Saturday's condo fire highlights an issue that has gone unresolved in the Lealman area for years - there aren't enough fire hydrants.
By ANNE LINDBERG
Published June 24, 2003
ST. PETERSBURG - For years, Lealman firefighters have carried extra hoses on their trucks because of a shortage of fire hydrants in parts of their community.
It's a shortcoming Pinellas County and St. Petersburg city officials knew about long before the fire Saturday that ravaged a 54-unit building at Town Apartments North, leaving dozens of senior citizens homeless.
The county thinks St. Petersburg, which provides water to parts of unincorporated Lealman, should install more hydrants. The city says it is willing to work with the county and is waiting for a priority list.
Years have passed without a resolution, a concern in a county with aging condominium and apartment complexes.
"Unfortunately, it takes something like this to wake everybody up. We're fortunate nobody died," said Ray Neri, president of the Lealman Community Association. "Why do we wait for something like this, a tragedy, for everybody to respond?
"I think it should have been done way back when," Neri said. It has long irritated Lealman residents that they pay a 25 percent surcharge to St. Petersburg for water but cannot get enough hydrants, he said.
Investigators have all but ruled out arson in the fire Saturday.
"It was a freak accident and went from there," Lealman fire Marshal Bob Christy said.
When firefighters arrived at the fire Saturday about 1:35 p.m., flames were shooting 30 feet into the air. Black smoke cloaked firefighters, making it hard to see as they raced residents to safety.
As firefighters turned their efforts to the blaze, they quickly realized they did not have enough water. The complex had only two private hydrants, all that was required when it was built in 1966.
In addition, the closest of the two was about 800 feet away, the equivalent of eight fire hoses, Lealman fire Chief Rick Graham said.
Firefighters turned to the public hydrants, which were even farther away. The nearest was on 62nd Avenue N, Graham said. They also turned to the pond across the drive from the building, sending a Pinellas Park staff member back to his station to retrieve the necessary pumping equipment.
It was too little, too late for the three-story building.
"That third floor is destroyed. Literally destroyed. The second floor has a lot of damage," Christy said. "We have some heavy damage on the first floor."
It's unclear whether additional hydrants would have limited the damage, or if the building is a total loss. County building officials recommend that a structural engineer make that decision. Until then, damage estimates will not be available.
Also uncertain is the total amount of property loss suffered by residents. The tenant-owned condos are valued at under $50,000 each. Lealman firefighters spent part of Sunday and Monday picking through apartments to reclaim some personal property requested by residents. At times, they had to edge their way across beams because wooden floors had been destroyed.
Fred Bonacorda, 70, was lucky. Firefighters found some memorabilia he had collected over 20 years breeding and training racehorses.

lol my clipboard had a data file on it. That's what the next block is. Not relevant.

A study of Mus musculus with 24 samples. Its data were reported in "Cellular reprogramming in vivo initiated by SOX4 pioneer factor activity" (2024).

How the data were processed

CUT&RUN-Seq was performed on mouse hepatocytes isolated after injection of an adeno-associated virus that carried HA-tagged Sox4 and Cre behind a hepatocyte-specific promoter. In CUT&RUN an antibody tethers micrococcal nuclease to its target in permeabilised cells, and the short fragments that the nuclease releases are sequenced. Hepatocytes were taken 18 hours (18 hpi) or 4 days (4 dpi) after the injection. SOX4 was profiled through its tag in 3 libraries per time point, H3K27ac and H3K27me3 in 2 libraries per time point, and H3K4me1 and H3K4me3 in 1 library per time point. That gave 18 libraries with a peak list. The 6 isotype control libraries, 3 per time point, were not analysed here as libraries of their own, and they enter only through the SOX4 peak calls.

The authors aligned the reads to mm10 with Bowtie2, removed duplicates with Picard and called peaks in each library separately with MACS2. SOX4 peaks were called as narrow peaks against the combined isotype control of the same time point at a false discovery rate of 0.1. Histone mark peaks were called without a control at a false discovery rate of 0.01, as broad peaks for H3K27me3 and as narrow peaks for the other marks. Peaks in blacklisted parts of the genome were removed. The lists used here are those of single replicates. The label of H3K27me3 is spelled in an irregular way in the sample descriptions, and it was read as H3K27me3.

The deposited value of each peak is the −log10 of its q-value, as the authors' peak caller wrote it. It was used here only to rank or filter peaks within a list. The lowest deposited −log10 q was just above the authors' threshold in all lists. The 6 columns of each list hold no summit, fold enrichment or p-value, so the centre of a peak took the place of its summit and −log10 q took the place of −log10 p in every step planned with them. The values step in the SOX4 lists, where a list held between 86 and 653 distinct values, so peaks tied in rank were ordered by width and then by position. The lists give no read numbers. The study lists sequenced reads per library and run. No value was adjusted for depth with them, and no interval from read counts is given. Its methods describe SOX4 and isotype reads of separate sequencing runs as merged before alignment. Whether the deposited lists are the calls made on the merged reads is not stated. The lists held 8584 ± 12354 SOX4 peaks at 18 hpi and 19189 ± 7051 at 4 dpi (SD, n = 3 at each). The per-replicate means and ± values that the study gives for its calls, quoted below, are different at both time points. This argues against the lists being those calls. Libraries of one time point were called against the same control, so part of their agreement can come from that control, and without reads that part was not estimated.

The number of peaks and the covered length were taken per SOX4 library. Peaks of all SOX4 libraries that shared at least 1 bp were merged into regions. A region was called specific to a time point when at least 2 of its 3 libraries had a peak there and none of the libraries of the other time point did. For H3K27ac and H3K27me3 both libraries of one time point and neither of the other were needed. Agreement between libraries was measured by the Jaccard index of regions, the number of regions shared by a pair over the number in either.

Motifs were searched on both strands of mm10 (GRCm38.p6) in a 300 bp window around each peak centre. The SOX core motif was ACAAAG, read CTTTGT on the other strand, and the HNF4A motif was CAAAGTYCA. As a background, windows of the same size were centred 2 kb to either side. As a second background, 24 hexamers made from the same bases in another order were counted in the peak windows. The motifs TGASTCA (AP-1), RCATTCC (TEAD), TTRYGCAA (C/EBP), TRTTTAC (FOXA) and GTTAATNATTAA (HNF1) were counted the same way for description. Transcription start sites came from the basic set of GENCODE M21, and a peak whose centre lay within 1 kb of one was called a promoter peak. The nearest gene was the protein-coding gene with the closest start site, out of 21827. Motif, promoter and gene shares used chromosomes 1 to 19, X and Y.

"It's not the end of my life," Bonacorda said. "Yesterday was history and tomorrow is a mystery."
He and his wife will stay with her twin sister, elsewhere in the complex.
Some weren't as fortunate.
"I'm sorry, I hate to tell you that there's just nothing in there," Lealman firefighter Henry Fultz told one elderly woman.
Pinellas County officials spent part of the weekend studying what happened. One focus was the number of available hydrants.
Officials have long known that parts of the unincorporated Lealman area have too few hydrants.
For the most part, the county and Lealman fire officials blame St. Petersburg. Providing water carries an obligation to provide an adequate number of hydrants, they argue. Recently, the county and city tried to work out a solution.
Patti Anderson, St. Petersburg's water resources director, conceded some spots in Lealman do not have enough hydrants.
But a lack of public hydrants was not the issue at Town Apartments North, Anderson said.
The problem was a lack of private hydrants. It was the complex's duty to upgrade and increase fire defenses, she said. Governments cannot force private areas to upgrade, she said. Current rules today would require a hydrant within 500 feet of every building, far closer than the 800 feet firefighters struggled with Saturday.
Deputy Mayor Tish Elston agreed, saying, "If on-site hydrants weren't adequate, that's one of those situations."
Adele Cisniewicz, president of the Town Apartments Complex Association, could not be reached Monday night.
It's a situation that could happen again, conceded assistant county administrator Gay Lancaster.
When complexes like Town Apartments North were built, they complied to the existing codes, she said. As fire codes became more strict, they were not required to retrofit, a sometimes expensive proposition.
So the question becomes whether the government should be aware of that and make sure public hydrants are available nearby as a backup.
"I don't think that's an easily resolved issue," Lancaster said.
In the long run, she said, it will be a policy decision for elected officials to make.
- Staff writer Adrienne Lu contributed to this report.